The ECB may consider putting a big Q to the left of this. Photo by Hannelore Foster/Getty Images
Breaking News out of Frankfurt: The ECB held interest rates stable! Just kidding, they actually cut their rate on four-year loans. Oh and announced the full-scale quantitative easing (QE) program pundits have long salivated over, which we guess is bigger news. Now that QE is reality, we fully expect headlines will laud it for stimulating growth, fret its potential end, argue over whether it will cause hyperinflation, fear it isn’t big enough, and so on. All happened in the US, UK and Japan, and we have little reason to expect different in the eurozone. We also don’t expect QE’s impact to differ: The ECB’s interference with long-rates should keep the yield curve flat, discourage bank lending and slow growth. But, though negative, ECB QE is too widely discussed and too small to flip this bull into a bear.
First, the details. The ECB will buy €60 billion of sovereign, agency and private debt monthly from March through September 2016 (although officials indicated the end isn’t set in stone). The aim, as has been widely reported for months, is to add just over €1 trillion to the bank’s balance sheet, bringing it back up near 2012 levels. National central banks will do 80% of the buying to get around EU treaty restrictions on the ECB financing governments (not the aim, but a concern some raised). No Greek debt will be purchased until at least July—probably wise, considering Greece has asked to default on ECB-held debt. Like other QE doers, the ECB seeks to lower long-term interest rates to stimulate loan demand, increase lending and grease the eurozone economy’s wheels. The ECB theorizes this will boost inflation toward its 2% y/y target (it is presently -0.2%) and goose GDP by a few tenths of a percentage point.
However, there is little-to-no evidence QE actually does any of this. During US QE, loan and GDP growth were the slowest since WWII. Since talk of ending QE (and the actual wind-down) began, both accelerated. During Britain’s QE, GDP and lending wavered between growth and contraction. After the BoE stopped QE bond purchases in late 2012, growth popped. The BoJ has the world’s largest QE program relative to GDP, yet Japan is mired in its third recession since 2009, loan growth is anemic, and whatever inflation there is stems mostly from last April’s sales tax hike. Where, in this available evidence, is the concrete sign QE works?
QE violates age-old theory, too. Economists have long theorized adjusting the quantity of money influences growth and inflation. Boost it, and more capital is available to finance expansion. Shrink it, and there is less. Many presume QE boosts the quantity of money—but it doesn’t. QE increases the quantity of bank reserves, which underpin lending in a fractional reserve banking system. But the quantity of money increases only if banks lend, which they usually do when profits reward them for risking loss.
QE shrinks profits, which are often determined by the spread between short-term and long-term interest rates—the yield curve spread. Banks borrow short-term (think deposits or overnight borrowing from one another) and transform this funding into longer-term loans (business, auto, home). The gap between what they pay for funds and receive on loans is profit. When central banks meddle with long-term rates, keeping them low, it reduces profits and adds an air of uncertainty that lingers until the central bank backs off. Banks prefer profitable loans, so reducing their margins likely doesn’t yield a big boost.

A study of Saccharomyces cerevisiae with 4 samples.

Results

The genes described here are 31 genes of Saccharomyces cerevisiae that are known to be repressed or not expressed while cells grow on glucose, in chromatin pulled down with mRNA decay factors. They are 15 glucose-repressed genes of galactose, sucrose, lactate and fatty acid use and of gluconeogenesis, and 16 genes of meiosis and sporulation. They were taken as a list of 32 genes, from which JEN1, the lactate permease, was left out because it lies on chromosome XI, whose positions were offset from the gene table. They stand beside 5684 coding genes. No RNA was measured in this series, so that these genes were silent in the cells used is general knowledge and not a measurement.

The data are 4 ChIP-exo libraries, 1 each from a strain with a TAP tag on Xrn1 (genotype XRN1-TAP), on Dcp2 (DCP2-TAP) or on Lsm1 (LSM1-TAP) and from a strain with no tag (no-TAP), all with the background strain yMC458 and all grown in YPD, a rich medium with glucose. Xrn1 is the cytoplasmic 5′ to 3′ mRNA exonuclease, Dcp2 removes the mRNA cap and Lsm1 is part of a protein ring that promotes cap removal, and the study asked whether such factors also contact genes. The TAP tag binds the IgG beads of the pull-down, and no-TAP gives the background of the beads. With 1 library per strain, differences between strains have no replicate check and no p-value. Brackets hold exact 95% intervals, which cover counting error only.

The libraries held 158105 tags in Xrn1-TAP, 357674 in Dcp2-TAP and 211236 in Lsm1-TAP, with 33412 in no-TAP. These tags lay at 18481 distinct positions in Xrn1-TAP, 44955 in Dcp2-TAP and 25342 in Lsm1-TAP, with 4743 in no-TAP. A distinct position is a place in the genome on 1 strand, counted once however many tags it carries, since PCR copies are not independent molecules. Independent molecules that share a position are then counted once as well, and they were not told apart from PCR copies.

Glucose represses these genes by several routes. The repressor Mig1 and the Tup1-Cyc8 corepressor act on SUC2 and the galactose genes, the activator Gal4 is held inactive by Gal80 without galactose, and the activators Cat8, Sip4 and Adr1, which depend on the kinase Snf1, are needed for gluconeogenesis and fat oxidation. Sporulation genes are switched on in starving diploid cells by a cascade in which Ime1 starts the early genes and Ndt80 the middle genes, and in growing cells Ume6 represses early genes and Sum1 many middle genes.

ECB QE is smaller than America’s, only $68.4 billion monthly[i] versus the Fed’s $85 billion, so it probably isn’t a bigger drag. However, it hits more businesses, as the Continent has much less developed capital markets than the US or UK. Bank lending comprises 85% of eurozone non-financial businesses’ funding. By contrast, more than of half US nonfinancial firms’ funding comes from capital markets.
So why do so many think QE is so stimulative? We have a theory: They see the coincidence of QE and bull markets as causal. Japan’s first QE foray sort of coincided with 2002 – 2007 bull market. The US bull market began in March 2009, five months after the Fed announced QE. Since 2009, the UK and US have led developed-world growth, and both had big QE programs! Voila, correlation!
But … this alleged correlation has holes. Japan’s 2001 – 2006 QE began in March 2001, nearly two years before the global bull began. QE ended in March 2006—roughly a year and half before the bull died. (Japan also lagged during most of it, which you might not expect if this was so stimulative.) US QE was announced in November 2008 and launched in January, but the bear market didn’t end until March 2009. Some claim this is because QE was expanded then. Yet this ignores the much more likely culprit, FAS 157’s (the market-to-market accounting rule) suspension. That rule’s late-2007 implementation is near the bull’s peak, too, so it correlates to the start and end. It also better explains causation. Exaggerated accounting writedowns at Financials played a key role in the bear. And yes, the US and UK have led developed world growth, but as mentioned, both nations accelerated markedly after QE ended (and saw broad M4 money supply shrink for long stretches during QE).
US, UK and Japanese QE were economic headwinds and we believe eurozone QE will likely follow suit. Yet QE hasn’t yet zapped the bull market, and we doubt it will now. For one, this announcement was widely expected and watched, so it lacks surprise power. Eurozone sovereign bond markets have long been pricing in ECB buying—one reason German maturities as long as five years are in negative territory. But hopes for a jump in eurozone growth because of QE are probably misplaced.